The Kansas Legislature is scheduled to hear a bill today (Feb. 19, 2014) that seeks to repeal Common Core academic standards throughout the state. The standards have become quite a divisive issue.
Cathy Granell has been a teacher for 18 years and has been at Stanley Elementary for four. She says that the adoption of the Common Core standards forced her to change her approach to lesson planning.
While some say Common Core standards restrict teachers by dictating what should be taught, Granell says that, for her, they actually offer greater freedoms in the way she conducts her daily classroom.
“Before it was, here's your skill that they need to master and it was, just do this, do that. And you were successful if they could do it, if they could follow those steps,” she says. “Now it's a completely different way of thinking. I feel like I'm doing less thinking for them. I stop and I have to make myself be quiet, and make them think, ‘What would you do now?’
This Spring marks the first time Common Core will be seen on standardized tests. In October 2010, Kansas approved a policy known as the ‘College and Career Ready Standards’ which include the Common Core Standards. They were drawn up to be a rigorous set of benchmarks, dictating where students should be academically in both Math and Language Arts at the end of each year.
Diane DeBacker, the Kansas Commissioner of Education, says the approval of the new standards was not taken lightly.
“I describe it is as: literally, we went into a room and everyone put their standards on the table and we started taking the best out of the best. And we came up with a set of standards a year later that represented higher standards, internationally benchmarked, to those countries that are beating us in math and reading,” DeBacker says.
One outspoken critic of the Common Core Standards, Walt Chappell, was a member of the State Board of Education in 2010. He remembers the original process of approving the new standards as one shrouded in secrecy.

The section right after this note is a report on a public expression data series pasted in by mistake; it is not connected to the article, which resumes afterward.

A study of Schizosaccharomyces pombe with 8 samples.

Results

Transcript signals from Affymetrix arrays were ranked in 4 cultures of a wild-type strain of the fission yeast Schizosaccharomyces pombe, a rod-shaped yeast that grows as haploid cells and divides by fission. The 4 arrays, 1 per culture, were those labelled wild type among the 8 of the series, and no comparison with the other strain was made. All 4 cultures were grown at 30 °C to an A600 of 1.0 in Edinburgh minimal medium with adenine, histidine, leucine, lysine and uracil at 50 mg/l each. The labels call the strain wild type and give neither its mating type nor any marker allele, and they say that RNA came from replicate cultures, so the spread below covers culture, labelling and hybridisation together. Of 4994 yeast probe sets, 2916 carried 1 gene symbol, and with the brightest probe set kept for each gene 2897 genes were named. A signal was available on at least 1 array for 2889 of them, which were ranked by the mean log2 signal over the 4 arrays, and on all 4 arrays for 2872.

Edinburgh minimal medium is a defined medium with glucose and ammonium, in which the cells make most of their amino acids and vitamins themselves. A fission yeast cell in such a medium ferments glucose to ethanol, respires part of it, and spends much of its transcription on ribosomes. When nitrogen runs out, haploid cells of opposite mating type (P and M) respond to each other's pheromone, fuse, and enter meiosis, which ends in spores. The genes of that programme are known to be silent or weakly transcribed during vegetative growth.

“We had the opportunity to see the process developing very clandestinely” Chappell says. “We didn’t have much understanding of what was going on behind the scenes until we were actually able to get a look at the standards about three weeks before we had to vote on them.”
“One size does not fit all kids. Pretty simple,” he says.
The standards themselves are not the only concern opponents of Common Core have. The expense of administering the tests, as well as the personal data students are asked to provide, are raising eyebrows. Chappell calls it ‘data mining’ – the Common Core tests are administered through computers and students are asked for some personal and household information.
Commissioner of Education Diane DeBacker says Kansas has been gathering student data from standardized tests for years, and that they have no intention of collecting any more or different data than before.
The opposition to Common Core has been seen throughout the country. Of the 45 states to adopt Common Core standards, nine have seen legislation introduced to repeal, defund or put on hold the new standards. And a state-wide teachers' union in New York recently withdrew their support of Common Core.
DeBacker says that, even if a bill to repeal Common Core passes, that doesn’t necessarily mean Common Core will go away. That’s because the State Board of Education is charged with deciding what the state standards are, while the legislature allocates the funds.
The criticisms of Common Core are expansive, and while the future of academic standards is being debated, the teachers themselves will carry on. They are preparing their students for the first Common Core aligned test this spring. They will find out the results later this summer.
This story originally aired on Morning Edition on Feb. 19, 2014.